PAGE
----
Winklevoss Twins Claim Defamation in Failed Pot-App Deal

NEW YORK (CN) – Tyler and Cameron Winklevoss, twins best known for claiming they created Facebook only to have Mark Zuckerberg steal it from under them, now say a New York businessman smeared them after a deal to buy his shares in a marijuana-delivery startup fell through.

The Winklevoss twins and their company Winklevoss Capital Fund, or WCF, claim that Todd Steinberg filed a malicious lawsuit to give him a platform to publicly defame the two investors for not completing the transaction.

The brothers filed a defamation complaint against Steinberg on Wednesday in New York County Supreme Court. They are represented by attorneys Charles Harder and Anthony Harwood with Harder Mirell & Abrams in Beverly Hills, Calif.

Steinberg was an early investor in Eaze Solutions, an app that allows users to order marijuana and have it delivered to their home from their smartphone.

Steinberg had brokered a tentative deal with the Winklevoss twins to buy his shares, but they required a side letter of approval for the share transfer from Eaze, which ultimately was not produced, according to the complaint.

Afterward, Steinberg allegedly attempted to pressure the twins to buy his shares anyway, but they refused.

“When these things did not occur, through no fault of WCF, Steinberg concocted a scheme against plaintiffs to try to force plaintiffs to pay him, even though the conditions required for the tentative agreement to become effective never occurred, and to harm plaintiffs if they did not submit to his demands,” the lawsuit states.

The Winklevoss brothers famously battled with Mark Zuckerberg over the creation of Facebook, which the twins claimed copied their own now-defunct social media website ConnectU. Zuckerberg would eventually settle out of court, and the twins went on to become investors in numerous tech start ups.

After the deal with Steinberg fell through, he sued the brothers in a Delaware court for allegedly breaking their agreement to purchase the Eaze shares.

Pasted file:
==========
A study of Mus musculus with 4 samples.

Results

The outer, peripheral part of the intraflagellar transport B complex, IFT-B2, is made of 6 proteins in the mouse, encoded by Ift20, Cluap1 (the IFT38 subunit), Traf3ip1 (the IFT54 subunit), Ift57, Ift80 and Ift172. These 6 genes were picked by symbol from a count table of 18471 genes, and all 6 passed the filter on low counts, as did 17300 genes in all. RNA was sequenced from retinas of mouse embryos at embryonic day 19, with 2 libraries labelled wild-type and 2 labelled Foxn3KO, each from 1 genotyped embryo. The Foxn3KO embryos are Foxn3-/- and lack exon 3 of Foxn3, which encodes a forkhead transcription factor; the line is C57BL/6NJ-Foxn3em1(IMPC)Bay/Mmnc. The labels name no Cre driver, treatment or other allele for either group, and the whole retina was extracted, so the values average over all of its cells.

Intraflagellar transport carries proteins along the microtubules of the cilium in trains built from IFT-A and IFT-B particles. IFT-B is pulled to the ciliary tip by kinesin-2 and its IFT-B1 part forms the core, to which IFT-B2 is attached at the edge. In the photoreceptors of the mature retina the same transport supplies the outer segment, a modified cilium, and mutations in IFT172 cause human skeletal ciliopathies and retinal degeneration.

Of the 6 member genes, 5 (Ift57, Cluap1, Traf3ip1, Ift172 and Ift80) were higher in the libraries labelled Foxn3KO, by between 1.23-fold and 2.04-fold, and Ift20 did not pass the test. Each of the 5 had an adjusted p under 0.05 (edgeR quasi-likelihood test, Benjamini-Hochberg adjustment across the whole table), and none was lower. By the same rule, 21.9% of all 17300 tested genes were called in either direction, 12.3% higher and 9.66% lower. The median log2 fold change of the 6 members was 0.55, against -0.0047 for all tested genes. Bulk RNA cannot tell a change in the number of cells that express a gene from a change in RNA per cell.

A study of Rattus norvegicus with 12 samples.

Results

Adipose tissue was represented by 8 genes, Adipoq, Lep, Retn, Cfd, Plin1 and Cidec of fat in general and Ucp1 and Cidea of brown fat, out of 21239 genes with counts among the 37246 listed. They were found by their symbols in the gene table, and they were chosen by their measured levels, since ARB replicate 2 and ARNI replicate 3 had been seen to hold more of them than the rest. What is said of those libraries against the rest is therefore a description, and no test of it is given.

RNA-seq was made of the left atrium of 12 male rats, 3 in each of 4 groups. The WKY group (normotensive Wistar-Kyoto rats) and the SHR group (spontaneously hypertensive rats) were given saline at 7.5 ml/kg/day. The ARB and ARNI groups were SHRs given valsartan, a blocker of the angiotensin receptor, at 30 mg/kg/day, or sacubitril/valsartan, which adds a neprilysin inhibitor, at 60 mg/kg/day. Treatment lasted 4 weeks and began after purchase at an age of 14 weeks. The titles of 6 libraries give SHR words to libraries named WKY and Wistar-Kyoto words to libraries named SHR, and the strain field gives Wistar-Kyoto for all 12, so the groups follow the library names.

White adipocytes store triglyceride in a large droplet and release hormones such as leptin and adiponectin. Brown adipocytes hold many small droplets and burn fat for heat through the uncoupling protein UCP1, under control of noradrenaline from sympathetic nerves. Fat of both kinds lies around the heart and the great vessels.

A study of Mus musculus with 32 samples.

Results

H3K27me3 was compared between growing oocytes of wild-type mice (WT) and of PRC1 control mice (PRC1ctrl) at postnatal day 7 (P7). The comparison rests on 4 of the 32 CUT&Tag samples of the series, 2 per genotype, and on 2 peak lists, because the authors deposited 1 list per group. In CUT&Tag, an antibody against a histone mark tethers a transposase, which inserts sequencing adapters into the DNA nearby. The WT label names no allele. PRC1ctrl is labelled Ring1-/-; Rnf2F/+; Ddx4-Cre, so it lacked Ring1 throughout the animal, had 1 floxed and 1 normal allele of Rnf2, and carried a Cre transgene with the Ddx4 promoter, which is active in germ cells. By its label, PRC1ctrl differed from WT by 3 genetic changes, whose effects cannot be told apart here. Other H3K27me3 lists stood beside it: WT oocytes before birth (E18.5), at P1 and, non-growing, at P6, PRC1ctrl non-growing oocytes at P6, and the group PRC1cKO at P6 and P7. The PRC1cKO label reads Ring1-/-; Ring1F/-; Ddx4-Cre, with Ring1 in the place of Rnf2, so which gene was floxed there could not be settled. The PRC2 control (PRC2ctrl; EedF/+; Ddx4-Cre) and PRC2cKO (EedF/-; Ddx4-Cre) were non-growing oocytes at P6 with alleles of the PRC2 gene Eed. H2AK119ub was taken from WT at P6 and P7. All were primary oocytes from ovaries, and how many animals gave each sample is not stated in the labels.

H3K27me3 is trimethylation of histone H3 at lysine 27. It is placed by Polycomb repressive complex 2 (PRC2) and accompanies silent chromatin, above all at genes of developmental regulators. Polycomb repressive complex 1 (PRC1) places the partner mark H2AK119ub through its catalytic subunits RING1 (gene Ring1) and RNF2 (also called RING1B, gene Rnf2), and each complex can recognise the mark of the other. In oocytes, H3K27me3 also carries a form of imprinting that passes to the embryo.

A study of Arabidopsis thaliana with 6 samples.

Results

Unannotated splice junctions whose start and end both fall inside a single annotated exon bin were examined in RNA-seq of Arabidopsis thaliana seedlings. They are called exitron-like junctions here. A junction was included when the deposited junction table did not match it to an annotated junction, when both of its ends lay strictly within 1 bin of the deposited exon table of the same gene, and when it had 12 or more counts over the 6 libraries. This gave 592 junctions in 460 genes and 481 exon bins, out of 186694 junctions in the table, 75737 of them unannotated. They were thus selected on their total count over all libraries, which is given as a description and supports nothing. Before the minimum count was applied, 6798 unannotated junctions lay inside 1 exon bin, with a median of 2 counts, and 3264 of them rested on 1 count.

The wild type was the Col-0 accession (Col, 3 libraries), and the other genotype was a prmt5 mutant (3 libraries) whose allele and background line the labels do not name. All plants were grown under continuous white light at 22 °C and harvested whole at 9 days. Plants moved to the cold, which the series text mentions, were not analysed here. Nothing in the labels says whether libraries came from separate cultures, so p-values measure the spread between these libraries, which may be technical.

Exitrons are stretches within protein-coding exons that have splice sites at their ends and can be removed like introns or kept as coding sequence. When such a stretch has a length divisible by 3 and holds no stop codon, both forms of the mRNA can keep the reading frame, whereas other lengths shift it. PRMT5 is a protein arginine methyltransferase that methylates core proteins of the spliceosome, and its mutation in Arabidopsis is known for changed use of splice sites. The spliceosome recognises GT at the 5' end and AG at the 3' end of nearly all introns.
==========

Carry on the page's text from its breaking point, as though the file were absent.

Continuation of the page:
Steinberg then gave an interview to the New York Post in which he repeatedly claimed that the Winklevoss twins defaulted on the agreement, which was then picked up by numerous other media outlets, according to Wednesday’s complaint.

“Just because you are rich and famous doesn’t mean you can default. It’s the difference between right and wrong,” he reportedly told the Post.

The Winklevoss brothers claim Steinberg had “no basis to make these false, defamatory and damaging statements.”

“Steinberg knew that Eaze’s formal approval of the stock transfer and side letter was a required condition for the agreement to become effective, but Eaze never gave its approval,” the lawsuit states.

The twins allege that Steinberg schemed to extort money from them by threatening to file his lawsuit and take it to the media.

“Steinberg has subsequently confirmed his scheme, including by making statements that if plaintiffs did not settle with him then he would ‘update the press’ and claiming that the ‘court of public opinion’ is ‘on my side,’” according to the complaint.

Although Steinberg eventually withdrew his lawsuit, the Winklevoss twins say the damage to their reputation has already been done.

“The publication of the defamatory statements by Steinberg about plaintiffs reached millions of readers of the various publications and also caused a foreseeable chain reaction of republication of the defamatory statements in many other news outlets, websites, blogs, and social media, which reached millions more readers throughout the world,” they say.

The brothers seek compensatory and punitive damages for claims of defamation and malicious prosecution.

Steinberg could not be reached for comment Thursday.